3. Call early


It will allow the composer to plan his schedule around, to estimate the amount of time needed for the project, and to decide how to spread the work over time.

In films, the music process traditionally happens at the very end along with visual effects and color correction, before the final sound mix. Even though the finalization of the music is best placed when the cut is locked, it can be awesome to have the composer start writing music earlier, i.e. right when the first images are ready, or right before the filming, on the storyboard, or even on the script. Not only can it help the filmmaker finding the right tone, but it also could give enough musical material to play around with the edit. Even though I fiercely advise against editing films and videos around temp music, why not trying around music that you feel strongly about and know for sure will make it to the final cut? Besides, the composer will thank you dearly as it will remove the stress of finding the perfect motive/theme/sound a couple of weeks before the sound mix. In 2012, I worked on Jonas d’Adesky’s Twa Timoun (Berlinale & Toronto International Film Festival). Right after he called me, I wrote a few minutes of music and did some research on local music of Haiti. Of those tracks, one made it to the final cut for an entire two minutes of featured music (no dialogue), providing a break in the narrative and a sense of time passing.

The ideal timeline would go like this: after you decide the nature of the project and which composer would be best suited for it, call them, they will show their interest for the concept, or pass if that is not in line with their career goals. After the project is funded and the budget written, now is a good time to get them involved. Provided that they accepted the fee, ask them what their favorite work practice is. Some will say that they only start working on a locked cut, to minimize the amount of versions of the same cue. They want to have their full brain power on one single project at a time for a shorter time. Others will say they prefer starting the process before any image is recorded yet, so they get more time to feel in line with your vision, and together you’ll spend the proper amount of time selecting the ideas that will make it to the soundtrack.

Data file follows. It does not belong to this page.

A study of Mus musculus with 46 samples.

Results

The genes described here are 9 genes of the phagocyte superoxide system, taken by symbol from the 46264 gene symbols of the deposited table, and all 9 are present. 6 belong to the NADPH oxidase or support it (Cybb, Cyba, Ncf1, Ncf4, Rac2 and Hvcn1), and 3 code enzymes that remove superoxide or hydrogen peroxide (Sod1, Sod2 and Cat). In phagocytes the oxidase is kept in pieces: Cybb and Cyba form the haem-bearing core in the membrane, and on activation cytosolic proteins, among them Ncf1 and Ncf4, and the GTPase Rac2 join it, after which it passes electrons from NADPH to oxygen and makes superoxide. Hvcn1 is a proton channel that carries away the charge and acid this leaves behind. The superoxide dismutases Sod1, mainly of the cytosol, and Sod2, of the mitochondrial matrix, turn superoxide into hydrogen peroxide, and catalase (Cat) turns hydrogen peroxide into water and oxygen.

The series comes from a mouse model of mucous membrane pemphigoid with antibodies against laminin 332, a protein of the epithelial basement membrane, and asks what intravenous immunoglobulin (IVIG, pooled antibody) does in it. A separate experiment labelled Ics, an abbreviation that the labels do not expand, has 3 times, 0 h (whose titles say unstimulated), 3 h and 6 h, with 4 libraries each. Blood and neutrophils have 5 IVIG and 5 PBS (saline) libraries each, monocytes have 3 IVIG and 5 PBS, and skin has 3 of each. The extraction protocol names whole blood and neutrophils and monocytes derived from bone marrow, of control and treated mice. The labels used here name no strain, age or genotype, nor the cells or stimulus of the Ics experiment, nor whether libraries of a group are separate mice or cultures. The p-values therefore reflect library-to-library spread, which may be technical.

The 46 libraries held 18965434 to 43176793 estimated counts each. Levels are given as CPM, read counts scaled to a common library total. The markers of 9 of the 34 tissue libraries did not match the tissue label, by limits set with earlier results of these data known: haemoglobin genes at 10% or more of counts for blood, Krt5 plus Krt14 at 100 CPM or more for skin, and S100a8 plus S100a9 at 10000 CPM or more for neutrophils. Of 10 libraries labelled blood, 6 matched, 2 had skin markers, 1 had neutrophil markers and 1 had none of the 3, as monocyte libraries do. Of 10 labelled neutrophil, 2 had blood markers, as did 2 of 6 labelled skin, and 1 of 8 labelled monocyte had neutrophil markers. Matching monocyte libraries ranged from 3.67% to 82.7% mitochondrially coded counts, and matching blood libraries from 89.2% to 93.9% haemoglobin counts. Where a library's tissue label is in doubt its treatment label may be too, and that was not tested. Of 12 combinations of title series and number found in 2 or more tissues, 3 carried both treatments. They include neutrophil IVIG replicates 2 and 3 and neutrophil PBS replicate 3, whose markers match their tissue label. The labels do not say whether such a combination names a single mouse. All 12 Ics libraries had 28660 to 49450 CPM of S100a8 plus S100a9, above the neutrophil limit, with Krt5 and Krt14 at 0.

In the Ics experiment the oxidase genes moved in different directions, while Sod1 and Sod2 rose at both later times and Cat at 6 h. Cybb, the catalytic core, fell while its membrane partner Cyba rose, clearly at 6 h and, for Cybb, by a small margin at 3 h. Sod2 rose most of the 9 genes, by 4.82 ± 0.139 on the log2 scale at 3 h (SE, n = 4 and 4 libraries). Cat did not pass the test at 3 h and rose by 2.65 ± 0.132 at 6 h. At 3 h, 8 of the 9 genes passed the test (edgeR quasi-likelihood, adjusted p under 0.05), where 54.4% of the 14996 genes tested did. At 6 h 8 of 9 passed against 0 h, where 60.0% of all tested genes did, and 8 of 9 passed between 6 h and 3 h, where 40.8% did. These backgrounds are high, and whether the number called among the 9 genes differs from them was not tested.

More time for writing does not mean paying more. As soon as the composer estimated the number of days needed for a project, either they will want to allocate all those days at the end, or spread them over a longer period of time that will free up time to work on other projects simultaneously. Yet, they will have your project running in their head for longer.

As for other discipline, those that do not require working on existing tracks, the more back and forth collaboration there is, the more fun everyone is going to have.

Even though composers like to pretend they only have good ideas, there is always quite a lot of rubbish that never makes it to the ears of the commissioner. If you are looking for that one minute of pure genius music, have them write more. And the best way to keep them happy is by letting them decide how long they will need to write the perfect quantity.

Comments, suggestions, experiences you had with composers, and consequent advice for others are encouraged.
This blog will be updated with new experiences and illustrations as they occur.